When an Older Parrot Has Never Learned Skilful Flight – Complete Psittacine by Eb Cravens
In issue 309 -
Scarlet Macaws – were they really bred by indigenous people in the 12th century? Rosemary Low asks the question
In issue 309 -
Understanding the link between nutrition, hormonal behaviours and the avian endocrine system, Part 1 – The Holistic Parrot by Leslie Moran
In issue 309 -
The Yellow-eared Parrot – continues to expand its range in Colombia. By David Waugh, Correspondent, Loro Parque Fundación

Reflections on Avian Intelligence. The Emotional Side of the Story – Part II


The use of a ‘lure bird’ in the business of psittacine and other bird trapping has long been documented. Photos of Senegal Parrots being restrained in order to prompt them to screech for their flock mates to come back and help, were decidedly poignant and moving during the Wildlife Defenders push for a wild bird conservation act in the United States prior to that bill being passed by Congress in 1991. In former times, the classic term ‘stool pigeon’ was applied to the bird which was tied securely and used to decoy great flocks of passenger pigeons down to the trapping nets in the mid 1800s.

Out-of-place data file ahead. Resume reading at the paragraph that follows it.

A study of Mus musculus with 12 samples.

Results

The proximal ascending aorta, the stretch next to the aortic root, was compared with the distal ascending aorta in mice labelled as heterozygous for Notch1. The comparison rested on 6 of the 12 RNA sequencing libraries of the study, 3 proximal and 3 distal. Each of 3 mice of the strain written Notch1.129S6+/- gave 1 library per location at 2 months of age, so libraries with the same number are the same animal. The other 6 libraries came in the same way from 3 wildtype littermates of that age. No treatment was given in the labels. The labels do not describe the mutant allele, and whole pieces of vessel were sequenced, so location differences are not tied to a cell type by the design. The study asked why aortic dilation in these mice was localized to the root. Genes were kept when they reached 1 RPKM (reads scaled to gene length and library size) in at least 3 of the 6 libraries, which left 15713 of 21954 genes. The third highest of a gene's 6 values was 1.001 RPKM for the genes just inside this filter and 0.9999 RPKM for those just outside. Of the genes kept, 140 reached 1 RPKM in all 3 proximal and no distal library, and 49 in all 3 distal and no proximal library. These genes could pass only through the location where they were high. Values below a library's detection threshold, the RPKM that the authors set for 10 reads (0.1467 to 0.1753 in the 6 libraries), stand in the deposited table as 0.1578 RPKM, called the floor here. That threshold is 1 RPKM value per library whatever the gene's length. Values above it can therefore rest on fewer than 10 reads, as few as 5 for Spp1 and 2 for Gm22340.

All such practices are based on the fact that wild flocks of birds often show some sort of loyalty or empathy or bravery or love for their members who fall into trouble. ‘Tis a hard phenomenon to explain: returning to reward of one’s death or imprisonment at the behest of plaintive cries from your companions. In us humans, many of us might even term such behaviour “heroic.”